The first election is thankfully right around the corner, so we will get a reprieve from the political ads for a brief few moments. But in the meantime, partially lost in the shuffle of the competitive primaries in Arizona is the Scottsdale City Council race. And some significant battle lines are being drawn around the issue of development.
Indeed, the most pressing issue of this election is almost certainly the subject of development, whether we want to build more (YIMBY) or less (NIMBY). Regular readers know where we stand on this subject, but how is this issue playing out for this race? Some local activists give us some clues.
A local email newsletter has made it clear where they believe the battle lines are drawn. The attached email ridicules candidates Tim Stratton and Daniel Ishac for their donations. Both have received significant donations from leadership within the Riot Hospitality Group, the owners and operators of several Old Town clubs and businesses. The same organization also gave significant financial assistance to Tammy Caputi and Suzanne Klapp in their successful runs in ‘18.
Additionally, graphics posted by frequent and vociferous supporters of NIMBYism have made it clear who their preferred candidates are: Kathy Littlefield, Barry Graham, and Pamela Carter. Littlefield is no surprise at all, as her tendency to vote down multifamily projects is well known. Barry Graham’s time as a Planning Commissioner must have given them sufficient clues as to which way he will lean. Pamela Carter is the big surprise here though; her focus on mitigating sex trafficking seemed to lean more towards being a niche candidate getting her cues from national messaging and not local needs.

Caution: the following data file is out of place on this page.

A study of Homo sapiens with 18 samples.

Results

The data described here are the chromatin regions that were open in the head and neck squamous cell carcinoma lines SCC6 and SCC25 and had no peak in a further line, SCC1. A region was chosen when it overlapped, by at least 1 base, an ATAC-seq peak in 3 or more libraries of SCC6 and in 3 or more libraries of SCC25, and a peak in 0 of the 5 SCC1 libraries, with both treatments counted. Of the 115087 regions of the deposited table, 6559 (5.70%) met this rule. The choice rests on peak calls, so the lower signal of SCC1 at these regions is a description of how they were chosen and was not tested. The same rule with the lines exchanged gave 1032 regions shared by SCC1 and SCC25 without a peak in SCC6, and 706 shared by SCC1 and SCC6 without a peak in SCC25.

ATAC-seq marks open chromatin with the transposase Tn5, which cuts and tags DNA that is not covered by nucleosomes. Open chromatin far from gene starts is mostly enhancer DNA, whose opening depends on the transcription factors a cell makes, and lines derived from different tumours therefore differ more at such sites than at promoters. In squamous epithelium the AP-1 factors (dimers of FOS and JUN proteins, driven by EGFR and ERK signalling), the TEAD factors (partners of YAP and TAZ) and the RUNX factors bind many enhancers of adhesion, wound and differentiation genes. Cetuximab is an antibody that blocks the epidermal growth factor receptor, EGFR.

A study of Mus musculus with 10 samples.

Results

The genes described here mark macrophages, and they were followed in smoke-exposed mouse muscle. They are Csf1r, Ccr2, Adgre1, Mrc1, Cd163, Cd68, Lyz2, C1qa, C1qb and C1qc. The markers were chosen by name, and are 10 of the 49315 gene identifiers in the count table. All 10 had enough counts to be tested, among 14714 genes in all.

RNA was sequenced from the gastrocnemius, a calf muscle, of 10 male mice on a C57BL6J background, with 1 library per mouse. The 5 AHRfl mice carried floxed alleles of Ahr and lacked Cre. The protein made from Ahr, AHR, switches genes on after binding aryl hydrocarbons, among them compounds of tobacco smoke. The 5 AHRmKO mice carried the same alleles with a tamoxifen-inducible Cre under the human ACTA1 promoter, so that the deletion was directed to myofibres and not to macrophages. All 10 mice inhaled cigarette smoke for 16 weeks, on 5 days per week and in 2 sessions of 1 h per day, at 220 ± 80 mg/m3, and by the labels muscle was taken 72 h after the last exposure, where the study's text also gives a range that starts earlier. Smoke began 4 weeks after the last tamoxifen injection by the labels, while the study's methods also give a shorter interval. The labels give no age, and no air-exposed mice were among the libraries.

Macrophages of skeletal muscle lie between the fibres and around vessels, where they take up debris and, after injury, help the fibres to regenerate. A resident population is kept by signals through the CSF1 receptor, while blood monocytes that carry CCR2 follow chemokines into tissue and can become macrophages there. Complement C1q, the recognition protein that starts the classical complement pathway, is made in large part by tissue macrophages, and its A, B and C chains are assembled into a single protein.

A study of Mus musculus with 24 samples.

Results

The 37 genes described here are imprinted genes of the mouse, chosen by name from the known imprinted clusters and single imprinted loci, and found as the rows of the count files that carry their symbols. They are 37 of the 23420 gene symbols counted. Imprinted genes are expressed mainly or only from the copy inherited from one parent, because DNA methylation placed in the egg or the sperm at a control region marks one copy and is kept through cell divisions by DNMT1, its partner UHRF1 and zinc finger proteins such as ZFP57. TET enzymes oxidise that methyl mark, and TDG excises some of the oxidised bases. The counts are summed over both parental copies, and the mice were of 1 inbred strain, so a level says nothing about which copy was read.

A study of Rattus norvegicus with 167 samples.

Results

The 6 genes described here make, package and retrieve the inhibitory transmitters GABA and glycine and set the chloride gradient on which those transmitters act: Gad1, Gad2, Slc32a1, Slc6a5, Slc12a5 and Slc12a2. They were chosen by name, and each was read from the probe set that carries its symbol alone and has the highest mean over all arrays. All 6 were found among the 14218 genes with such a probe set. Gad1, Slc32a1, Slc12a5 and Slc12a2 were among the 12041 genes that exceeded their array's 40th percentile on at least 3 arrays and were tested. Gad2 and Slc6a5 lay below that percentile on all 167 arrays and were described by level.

Also notable is that all three candidates seem to be very strongly aligned with the Republican party, with Graham having been in local party leadership. We must wonder aloud if NIMBYism is becoming a facet of a bit of a local purity test for the Scottsdale GOP, much like stricter immigration standards are at the state and national level.
Candidates who get over 50% in this election will automatically be elected, but since there will almost certainly be leading candidates who do not hit this threshold, and as such the run-off election will be in November. But Tuesday will be an important first look into whether the NIMBY or YIMBY set will set the course for the Scottsdale City Council for the next few years.